The 2014 national election is not about foreign policy.
Well, that’s according to the Democratic Alliance who made the statement earlier this month when defending its stance on a two-state solution for Israel and Palestine.
I would agree that South Africans probably have more concern about jobs, clean water, electricity, houses, toilets and daily survival. Not foreign policy.
Unless, of course, our soldiers are being gunned down in Central African Republic. Or (African) foreigners stream in to the country to “take our jobs and women”.
Foreign policy, it would seem, should affect voters’ impressions. International relations are about decisions and a position, policies which indicate who or what the party you are voting for represents.
But is this the case for all South Africans? A township resident using the bucket system or a village mother watching her child walk to school barefoot may not be terribly concerned by whether there is a two-state solution for Israel and Palestine, and where the governing party stands on this.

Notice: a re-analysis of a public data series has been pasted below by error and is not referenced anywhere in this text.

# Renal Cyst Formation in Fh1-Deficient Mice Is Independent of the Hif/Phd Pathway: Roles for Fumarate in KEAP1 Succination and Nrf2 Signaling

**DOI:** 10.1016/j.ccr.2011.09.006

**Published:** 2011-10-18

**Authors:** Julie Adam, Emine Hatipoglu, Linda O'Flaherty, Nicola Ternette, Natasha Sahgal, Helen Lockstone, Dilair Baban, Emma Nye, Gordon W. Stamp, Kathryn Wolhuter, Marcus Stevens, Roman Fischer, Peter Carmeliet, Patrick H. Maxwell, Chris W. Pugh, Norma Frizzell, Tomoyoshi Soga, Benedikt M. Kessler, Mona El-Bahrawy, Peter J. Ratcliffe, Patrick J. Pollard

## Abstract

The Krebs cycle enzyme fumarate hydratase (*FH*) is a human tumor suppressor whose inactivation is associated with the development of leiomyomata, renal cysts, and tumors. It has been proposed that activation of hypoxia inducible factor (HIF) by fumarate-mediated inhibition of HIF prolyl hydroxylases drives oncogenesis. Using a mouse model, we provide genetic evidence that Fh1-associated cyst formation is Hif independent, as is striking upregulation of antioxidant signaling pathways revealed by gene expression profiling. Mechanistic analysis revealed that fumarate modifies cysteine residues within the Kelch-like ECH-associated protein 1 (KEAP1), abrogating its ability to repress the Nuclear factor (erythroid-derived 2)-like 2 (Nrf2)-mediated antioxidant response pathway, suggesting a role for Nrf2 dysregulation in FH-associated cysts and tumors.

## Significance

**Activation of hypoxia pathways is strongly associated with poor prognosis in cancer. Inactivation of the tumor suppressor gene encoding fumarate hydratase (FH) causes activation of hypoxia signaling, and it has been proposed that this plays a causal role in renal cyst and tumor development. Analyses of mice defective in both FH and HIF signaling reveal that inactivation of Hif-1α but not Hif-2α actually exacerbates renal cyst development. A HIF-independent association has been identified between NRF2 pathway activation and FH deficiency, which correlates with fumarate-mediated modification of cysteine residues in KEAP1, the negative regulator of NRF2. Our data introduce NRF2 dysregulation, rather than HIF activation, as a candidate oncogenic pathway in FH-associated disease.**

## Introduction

But while foreign policy in all its protocol, fanciness and external implications may not sound like a term that matters to most voters, it is one that has more to do with our daily lives than many concede. And is more apparent in voters consciousness than many realise.
The African National Congress in a policy document urges that “foreign policy belongs to South Africa’s people,” and that “the essence of South Africa’s foreign policy is to promote and protect the interests and values of its citizens”. This is, in turn, attached to all aspects of the country’s well being, from economic interests and human rights to social cohesion and the environment. It would do many a voter well to understand the implications of how their country interacts and deals with the international community and what it means for them.
There are international issues that many South Africans are well versed on, passionate about and ready to defend, and like any voter in any country they want the party they vote for to reflect those same values.
However, ultimately, good policies do begin at home.